Today's News

  • Cervone needs to make a decision

    Will he or won't he? That's the buzz around Chiefland, as Eighth Judicial Circuit State Attorney Bill Cervone continues weighing evidence of alleged voter fraud cases brought to light in August after the city election.

    On Sept. 27, the Florida Department of Law Enforcement handed Cervone the evidence it collected after a five-week investigation.

    Two months later, the attorney is still sitting on his hands. He is drawing out a process that has left lives in chaos and seems in no hurry to bring the issue to a conclusion once and for all.

  • Car stolen at knifepoint from Chiefland

    An unknown assailant committed armed carjacking, aggravated assault with a deadly weapon and theft of a motor vehicle, according to a Chiefland Police Department incident report by CPD Officer Ken Hutson.

    Gregory L. Meitinger, 50, of Chiefland had allowed Darrin Keith Bracewell Jr., 19, of Gainesville to use Meitinger's blue 1992 Toyota Corolla, the officer reported.

  • Winterfest promises fun Saturday

    The 2007 Christmas and Winter Festival, which is scheduled to be from 9 a.m. to 8 p.m. in Trailhead Park, promises to include music, skits, food, crafts, a parade and Santa Claus.

    Sponsored by the Greater Chiefland Area Chamber of Commerce and the city of Chiefland, the annual event shows promise of being the best ever this year.

    The show starts at 9 a.m. in Trailhead Park, which holds the Chiefland Train Depot and the Chamber office at 23 S.E. First Ave.

  • Some of 'Chiefland 11' respond to accusations

    "The Chiefland 11" might be a name for the 11 people accused by former Chiefland City Commissioner Alice Monyei as having violated Florida law by voting in a precinct where they do not live.

    While the six Andrews family members chose against making any comment about where the live in contrast with where they vote, other than Kelby Andrews who tried to intimidate a reporter with a verbal threat, some of the other 11 were willing to speak.

    Lester R. Hunter, a member of the Chiefland City Commission for 18 years, was contacted at his Newberry residence on Nov. 26.

  • 11 named in voter fraud allegation

    TALLAHASSEE - Eleven people are suspected of illegally voting in the Chiefland city election, which was Aug. 7, according to a complaint filed by former Chiefland City Commissioner Alice Monyei with the Florida Department of State, Division of Elections.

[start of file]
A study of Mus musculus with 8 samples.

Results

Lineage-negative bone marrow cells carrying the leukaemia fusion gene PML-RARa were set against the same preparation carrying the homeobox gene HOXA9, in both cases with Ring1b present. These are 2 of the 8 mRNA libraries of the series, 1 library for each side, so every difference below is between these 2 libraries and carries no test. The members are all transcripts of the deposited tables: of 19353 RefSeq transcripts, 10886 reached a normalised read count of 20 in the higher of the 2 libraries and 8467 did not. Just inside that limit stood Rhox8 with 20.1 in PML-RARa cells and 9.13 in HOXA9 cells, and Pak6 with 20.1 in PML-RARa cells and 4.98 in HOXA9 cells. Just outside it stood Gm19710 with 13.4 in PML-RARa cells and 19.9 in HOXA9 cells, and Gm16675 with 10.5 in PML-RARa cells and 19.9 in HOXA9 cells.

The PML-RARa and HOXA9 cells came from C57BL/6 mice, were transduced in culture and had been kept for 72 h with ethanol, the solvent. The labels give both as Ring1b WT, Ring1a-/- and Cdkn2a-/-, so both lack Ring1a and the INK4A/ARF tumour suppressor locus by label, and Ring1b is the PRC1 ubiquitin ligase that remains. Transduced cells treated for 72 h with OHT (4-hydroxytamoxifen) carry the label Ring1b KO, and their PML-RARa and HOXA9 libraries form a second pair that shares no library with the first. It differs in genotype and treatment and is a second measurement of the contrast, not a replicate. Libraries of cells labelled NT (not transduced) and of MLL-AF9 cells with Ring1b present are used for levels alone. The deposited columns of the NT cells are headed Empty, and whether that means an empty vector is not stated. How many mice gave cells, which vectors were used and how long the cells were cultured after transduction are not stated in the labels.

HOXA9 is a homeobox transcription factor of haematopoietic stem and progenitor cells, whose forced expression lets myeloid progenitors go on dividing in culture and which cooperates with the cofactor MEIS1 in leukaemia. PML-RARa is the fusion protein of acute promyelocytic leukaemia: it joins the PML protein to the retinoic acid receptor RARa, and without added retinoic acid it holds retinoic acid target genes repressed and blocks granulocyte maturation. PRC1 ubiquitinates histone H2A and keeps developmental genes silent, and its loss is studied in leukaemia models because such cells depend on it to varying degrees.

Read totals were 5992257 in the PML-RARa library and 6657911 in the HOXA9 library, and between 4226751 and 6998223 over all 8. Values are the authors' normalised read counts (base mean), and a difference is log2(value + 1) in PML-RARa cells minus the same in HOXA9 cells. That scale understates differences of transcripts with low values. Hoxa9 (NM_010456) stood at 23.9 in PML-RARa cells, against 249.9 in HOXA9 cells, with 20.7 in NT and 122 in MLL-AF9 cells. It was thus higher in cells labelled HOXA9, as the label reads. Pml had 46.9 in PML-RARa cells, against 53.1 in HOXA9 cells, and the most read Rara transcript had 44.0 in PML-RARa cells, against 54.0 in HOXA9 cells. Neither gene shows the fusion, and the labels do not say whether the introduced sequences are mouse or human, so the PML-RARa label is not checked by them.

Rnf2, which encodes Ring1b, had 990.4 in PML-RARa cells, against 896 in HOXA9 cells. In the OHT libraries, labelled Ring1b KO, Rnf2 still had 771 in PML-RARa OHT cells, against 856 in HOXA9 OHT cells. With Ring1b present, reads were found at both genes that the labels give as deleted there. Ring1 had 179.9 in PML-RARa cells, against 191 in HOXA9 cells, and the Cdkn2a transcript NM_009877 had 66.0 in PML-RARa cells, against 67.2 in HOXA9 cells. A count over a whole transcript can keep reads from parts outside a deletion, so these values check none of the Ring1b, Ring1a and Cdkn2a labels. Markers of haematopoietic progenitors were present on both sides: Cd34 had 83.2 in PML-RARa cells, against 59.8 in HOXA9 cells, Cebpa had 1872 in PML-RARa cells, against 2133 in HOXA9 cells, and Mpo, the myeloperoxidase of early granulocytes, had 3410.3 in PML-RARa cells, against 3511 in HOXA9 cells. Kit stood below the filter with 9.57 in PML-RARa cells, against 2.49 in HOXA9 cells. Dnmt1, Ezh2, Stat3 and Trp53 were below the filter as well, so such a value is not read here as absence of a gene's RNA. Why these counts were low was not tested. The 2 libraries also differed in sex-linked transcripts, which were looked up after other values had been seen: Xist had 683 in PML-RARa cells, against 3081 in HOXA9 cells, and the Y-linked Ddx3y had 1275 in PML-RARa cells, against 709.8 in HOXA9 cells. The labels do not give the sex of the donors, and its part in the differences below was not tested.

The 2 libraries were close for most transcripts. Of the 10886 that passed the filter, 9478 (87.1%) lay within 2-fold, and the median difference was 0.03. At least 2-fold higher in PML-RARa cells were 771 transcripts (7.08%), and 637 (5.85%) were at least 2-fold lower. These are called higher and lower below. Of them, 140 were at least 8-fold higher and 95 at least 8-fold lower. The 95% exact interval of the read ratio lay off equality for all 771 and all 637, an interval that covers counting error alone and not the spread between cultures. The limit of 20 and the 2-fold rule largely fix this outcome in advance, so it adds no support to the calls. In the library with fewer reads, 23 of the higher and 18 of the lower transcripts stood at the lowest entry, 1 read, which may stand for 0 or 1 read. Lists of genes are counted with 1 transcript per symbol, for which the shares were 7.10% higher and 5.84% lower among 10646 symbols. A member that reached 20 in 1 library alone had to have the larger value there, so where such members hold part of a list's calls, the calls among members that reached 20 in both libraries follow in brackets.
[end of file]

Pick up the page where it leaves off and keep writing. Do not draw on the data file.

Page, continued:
These 11 people allegedly live outside the city limits, which according to the city charter and state election laws, prohibits them from participating in city elections. They allegedly committed voter fraud, according to Monyei's complaint.

  • City seeks CDBG amendment to pave road

    With the approval of the Chiefland Citizen Advisory Task Force (CATF), the Chiefland City Commission on Nov. 26 voted 3-0 to amend its 2005-06 Community Development Block Grant (CDBG) to pave part of a road.

    The city was awarded a $650,000 CDBG for 19,000 linear feet of new water pipes, 6,300 linear feet of new sewer lines and 14 new fire hydrants in the southwest quadrant of the city. The fiscal year 2005-06 CDBG was extended to expire in early January 2008.

  • Train Depot Committee lacks quorum

    The Chiefland Train Depot Museum Committee failed to have enough members Nov. 12 for a quorum again.

    Committee Chairman J. Rollin Hudson Jr. and Committeewoman Carolyn Cohens could not discuss matters on which they might vote in that regard, because committee members Dennis Andrews, Loy Ann Mann and Portia Sache did not show up for the regularly scheduled monthly meeting.

    The October meeting was cancelled.

  • Preachers pray for Chiefland

    Pastors from six or seven churches in the Chiefland area joined to say "Thank you for your service. Thank you for what you're doing," the Rev. Travis Hudson of Hardeetown Baptist Church told the City Commission on Nov. 26.

    Commissioners Teresa Barron and Frank Buie were absent from the regular meeting.

    The preacher stressed that preachers are supportive of the endeavor to help the city as it grows, Hudson said, especially with the activity that will come from the construction of Tri-County Hospital. They are praying for Chiefland.

  • Vision Committee fails to meet again

    For the second time since he became Chairman of the Chiefland Vision Committee, Mayor M. Teal Pomeroy was forced to declare the meeting "cancelled due to lack of a quorum."

    There were too few members to hold the Nov. 13 meeting, but the day offered an opportunity for another member to quit.

    Doug King, a charter member since the Vision Committee formed in 1997, resigned effective that day. King is the only original member who had remained on the committee up until that day.

  • There's truth in the old hymns

    I like to shower. I enjoy clean clothes. I have to have my coffee in the morning–and night–lots of it.

    But those things take water. Daily.

    And for months now I have sympathized with my North Georgia friends who are suffering through the worst drought in 100 years.

    Lakes Hartwell and Lanier are mud puddles. Docks are useless and more importantly good potable water is a rare commodity for tens of thousands of people.